Unlike their predecessors, these two and everybody else in the sector, will be required to demonstrate that they have consulted their audiences and listened to their views, if they want to get funding for their next project. And if it's Heritage Lottery money they're after, then they'll have to show there is a real visitor benefit at the end of the road. This is a huge step forward.

So step up qualitative research. Focus groups, accompanied visits, brainstorming sessions, observations are now the tools of choice. What do they contribute?

Well, there are two key areas. The first deals with the visitor experience and the second deals with the stories behind the objects.

The visitor experience is built up from the environment and resources in the museum. What does it all add up to? Should more space go to the café or the Imax? Should the air be filled with noisy interactives or is contemplative leather seating more the thing?

When the Horniman Museum in South East London took the decision to modernise its Natural History Gallery, faces were white. The Gallery, home to a giant stuffed walrus and beloved of generations of visitors, looked as though it hadn't been touched since 1901 when the Museum opened. What could they change and what couldn't they without offending people? Could they get rid of the old mahogany cases, could they still get away with the stuffed animals?

Focus groups were unexpectedly reassuring. It seemed that as long as the design cherished the cathedral-like architecture of the Gallery, the mahogany cases (actually early 1950s) would not be missed. As for the taxidermy, generations of Forest Hill children had grown up nose to nose with the lemur, the spider crab and the walrus, and they begged that the animals should stay. So they stayed and were used to tell the story of evolution in a much clearer way, just as visitors had asked for. This was a delicate line to tread and research allowed the Museum to take a sure path, in fact a braver path than they might otherwise have taken.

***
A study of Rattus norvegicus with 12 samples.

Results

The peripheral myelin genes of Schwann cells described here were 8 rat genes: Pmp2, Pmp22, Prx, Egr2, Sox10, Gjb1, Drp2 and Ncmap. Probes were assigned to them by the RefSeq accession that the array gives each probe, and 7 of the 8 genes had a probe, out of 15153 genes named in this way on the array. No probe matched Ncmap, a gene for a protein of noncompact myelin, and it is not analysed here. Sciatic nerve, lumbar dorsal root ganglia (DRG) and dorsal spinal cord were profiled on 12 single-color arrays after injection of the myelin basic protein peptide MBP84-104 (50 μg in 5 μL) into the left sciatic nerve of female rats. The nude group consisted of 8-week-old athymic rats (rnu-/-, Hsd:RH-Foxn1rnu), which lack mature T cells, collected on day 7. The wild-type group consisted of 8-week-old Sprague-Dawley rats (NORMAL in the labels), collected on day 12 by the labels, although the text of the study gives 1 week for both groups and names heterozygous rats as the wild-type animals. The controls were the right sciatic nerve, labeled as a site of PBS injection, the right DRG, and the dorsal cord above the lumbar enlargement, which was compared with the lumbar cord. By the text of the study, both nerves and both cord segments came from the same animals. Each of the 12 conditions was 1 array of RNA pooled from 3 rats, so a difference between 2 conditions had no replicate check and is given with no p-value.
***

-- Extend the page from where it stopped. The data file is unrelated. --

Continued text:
Perhaps though the more satisfying use of qualitative, lies in searching out the stories behind the objects and the collections. These often lie frozen. Curators are trained to be objective and precise but it is the stories which give the meaning to the objects and that's what appeals to visitors.

I wonder if any of you has ever found your way to the Florence Nightingale Museum, tucked into a forgotten corner of St. Thomas's Hospital?

The great woman was a force to be reckoned with and terrorised a number of influential Victorian politicians, long after the Crimean War was over, pausing only to invent the pie chart along the way. The Museum itself boasts Florence's early diaries, room sets of the hospital at Scutari as well as the uniforms of the early Nightingale nurses. But to be honest, it is all a bit dry.

Focus groups found people utterly committed to the myth of Florence Nightingale but they were desperate to know more about her emotional life. What made her as she was? Why did she never marry? Was it true she had had a romance with a married man? And what (imagine!) turned her into a hypochondriac in her middle years?

The personal stories give the objects much greater depth. What's more, there is a bang up-to-date story which impassions people too. Are hospitals today better or worse than they were in Florence's day? To take up this story is to keep alive the nerve of Nightingale's mission and the Museum has the public's permission to break with tradition and debate the issue.

Research with visitors then, reveals what they care about in the subject matter and the kind of gallery experience they would enjoy. And modern curators and interpreters are glad to have this as a working base. Collections don't change much and buildings don't change much either. The way to keep collections fresh and relevant is to use them to express new ideas, tumbled into prominence by the age we live in, and pinpointed by their audiences.